Back in Keep on the Shadowfell, our group (and likely many others), rescued a small goblin from his fellows named Splug.
At this point, about three years later, the group is playing through Kingdom of Ghouls, are about 26th level, and Splug is still a member of the group. There are four players in the group, so Splug allows me to keep the encounters as they are and not scale them down (although I do so when one of the players can't make it).
Although for most of his career, Splug was a Goblin Rogue, with the release of Essentials he became a Goblin Thief, which made him much easier to play as an NPC. With the four other characters being Cleric, Fighter, Wizard and Warlock, Splug stands alone as the chief damage-dealer of the group.
Splug the Magnificent
Goblin Rogue 26
S17 C16 D27 I10 W13 Ch22
HP 188; AC 39, Fort 36, Ref 45, Will 39
+6 vicious dagger +34 vs AC or Ref, 2d4+22 damage
Including CA & Backstab: +42 vs AC or Ref, 2d4+25+5d8+3d6 damage
Normally, I just go with CA: +37 vs AC or Ref, 55 damage or Backstab (4/enc): +42 vs AC or Ref, 65 damage.
Crits on 19-20: 6d12+91 for Backstab
We're now about 2-3 sessions away from finishing Kingdom of Ghouls, and that puts us well on track for finishing the HPE series by the end of the year. Unfortunately, we've found Kingdom of Ghouls to be a fairly disappointing adventure. The basic plot and scope of the adventure are fantastic, and, if I had the time and the desire, I could really make the adventure brilliant. However, it would require a lot of work, and I'm seeing a lot of the problems in play rather than beforehand.
The particular case in point I'm thinking of is the crossing of the Kingdom of Ghouls to reach the stronghold of a major henchmen - infiltrating the city and then reaching the palace. This is handled by a single skill challenge (which has a number of issues in how it's constructed, but anyway...) Alas, it really doesn't allow the horror of the Kingdom to come out.
The "Crossing of the Ghoul Kingdom" could quite easily be an entire module by itself - and, given my old-school sympathies - would include a hex map of the wilderness, random encounters and keyed encounters in that wilderness, then the same again for the city (although it'd be a much simpler city to design than most).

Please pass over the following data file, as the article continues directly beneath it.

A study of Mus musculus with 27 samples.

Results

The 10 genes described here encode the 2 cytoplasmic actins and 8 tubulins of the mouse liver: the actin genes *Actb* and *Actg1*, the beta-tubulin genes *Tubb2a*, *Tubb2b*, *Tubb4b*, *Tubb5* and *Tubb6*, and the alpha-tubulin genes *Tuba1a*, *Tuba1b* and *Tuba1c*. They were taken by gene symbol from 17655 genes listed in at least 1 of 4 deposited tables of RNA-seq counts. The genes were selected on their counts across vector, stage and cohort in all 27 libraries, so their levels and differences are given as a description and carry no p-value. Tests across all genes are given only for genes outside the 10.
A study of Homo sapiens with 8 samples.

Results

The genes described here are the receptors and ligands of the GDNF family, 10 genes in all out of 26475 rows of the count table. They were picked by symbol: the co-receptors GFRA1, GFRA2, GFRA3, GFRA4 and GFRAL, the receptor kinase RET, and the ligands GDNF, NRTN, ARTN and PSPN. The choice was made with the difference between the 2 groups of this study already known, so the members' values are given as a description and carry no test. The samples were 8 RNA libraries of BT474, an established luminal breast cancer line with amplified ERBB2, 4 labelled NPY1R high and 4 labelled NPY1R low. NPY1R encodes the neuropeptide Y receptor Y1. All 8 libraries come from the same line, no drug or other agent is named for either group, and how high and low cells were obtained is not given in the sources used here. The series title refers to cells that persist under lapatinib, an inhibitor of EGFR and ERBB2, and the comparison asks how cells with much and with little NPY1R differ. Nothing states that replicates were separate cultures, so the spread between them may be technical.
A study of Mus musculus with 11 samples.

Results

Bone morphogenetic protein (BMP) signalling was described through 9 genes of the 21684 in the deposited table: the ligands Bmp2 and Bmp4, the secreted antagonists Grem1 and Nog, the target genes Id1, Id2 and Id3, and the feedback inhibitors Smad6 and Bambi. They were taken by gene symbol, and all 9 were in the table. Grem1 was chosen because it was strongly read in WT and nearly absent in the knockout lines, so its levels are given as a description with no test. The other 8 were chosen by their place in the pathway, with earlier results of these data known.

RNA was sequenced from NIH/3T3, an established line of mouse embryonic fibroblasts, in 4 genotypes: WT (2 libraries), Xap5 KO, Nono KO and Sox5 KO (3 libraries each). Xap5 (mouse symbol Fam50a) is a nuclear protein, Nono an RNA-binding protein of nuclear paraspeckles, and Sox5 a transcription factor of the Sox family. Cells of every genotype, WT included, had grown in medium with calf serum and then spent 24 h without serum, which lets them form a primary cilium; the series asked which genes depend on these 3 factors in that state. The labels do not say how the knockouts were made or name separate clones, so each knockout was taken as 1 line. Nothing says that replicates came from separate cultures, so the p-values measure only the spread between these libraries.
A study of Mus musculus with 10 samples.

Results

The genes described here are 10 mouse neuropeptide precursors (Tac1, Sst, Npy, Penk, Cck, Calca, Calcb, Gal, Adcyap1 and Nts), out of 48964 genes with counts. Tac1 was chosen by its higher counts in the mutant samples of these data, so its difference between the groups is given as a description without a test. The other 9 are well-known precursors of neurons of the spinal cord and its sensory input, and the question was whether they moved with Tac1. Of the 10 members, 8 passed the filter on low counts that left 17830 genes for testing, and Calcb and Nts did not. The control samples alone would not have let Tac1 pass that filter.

Alas, that opportunity looks to have passed us by.
After the HPE campaign ends, we'll return to Greyhawk, but to a new part of it: to the lands of the Frost Barbarians in the frozen north. My brother's character from our (very) old AD&D campaign in the late 80s hailed from there, but we've never really explored it. There was a reference to it when Iuz started the "Greyhawk" Wars (my brother's PC was involved), but it's going to be very interesting to visit that area now - especially as, in my campaign, we're about 400 CY - a good decade and a half past those events.
Will Brunak the Barbarian turn up? I'd be disappointed if he didn't.
The one thing I'm leaning towards at present is to run the campaign using AD&D. Why AD&D and not 4E or another version of D&D? Well, there are a number of reasons. Primary amongst them is the desire to change the emphasis of this campaign: away from players optimising their characters and the set-piece combats that are a large part of 4e, and more towards character, story and exploration/discovery.
Indeed, I almost want to go back to original D&D (3 booklets, pre-Supplement I), due to the lack of ability score modifiers, but there would be further complications caused by that decision that I don't wish to visit.
The other 4E campaign (Greyhawk) that I'm running is continuing nicely. We're most of the way through the Tomb of Shadows part of the new 4E Tomb of Horrors adventure. Rich's paladin tripped a trap that left him weakened and slowed, and the rest of the group and his DM (me) quite amused. However, his radiant damage has been very helpful even in his weakened state, so he's not helpless.
We'll finish that section of the Tomb on Friday. Following that, we'll move on to Logan Bonner's Open Design adventure: Lost City. I acquired a copy last week, and immediately realised its applicability in this campaign: the PCs are the right level, there's a desert (the Bright Desert) right nearby to the City of Greyhawk, and it's entirely the sort of thing that one of the main NPCs in the campaign would be interested in... and through him, the group will get involved.
I'm quite happy with how Lost City reads, although scale-wise its a little smaller than I expected a Lost City to be! There seems to be a nice balance between the choices of a sandbox and the restrictions that give the PCs (and DM) more guidance, so I'll be very interested to see how it turns out. If things go as planned, we're about 16 days away from finding out! (That's a pretty quick turnaround from first seeing a module to including it in my campaign!)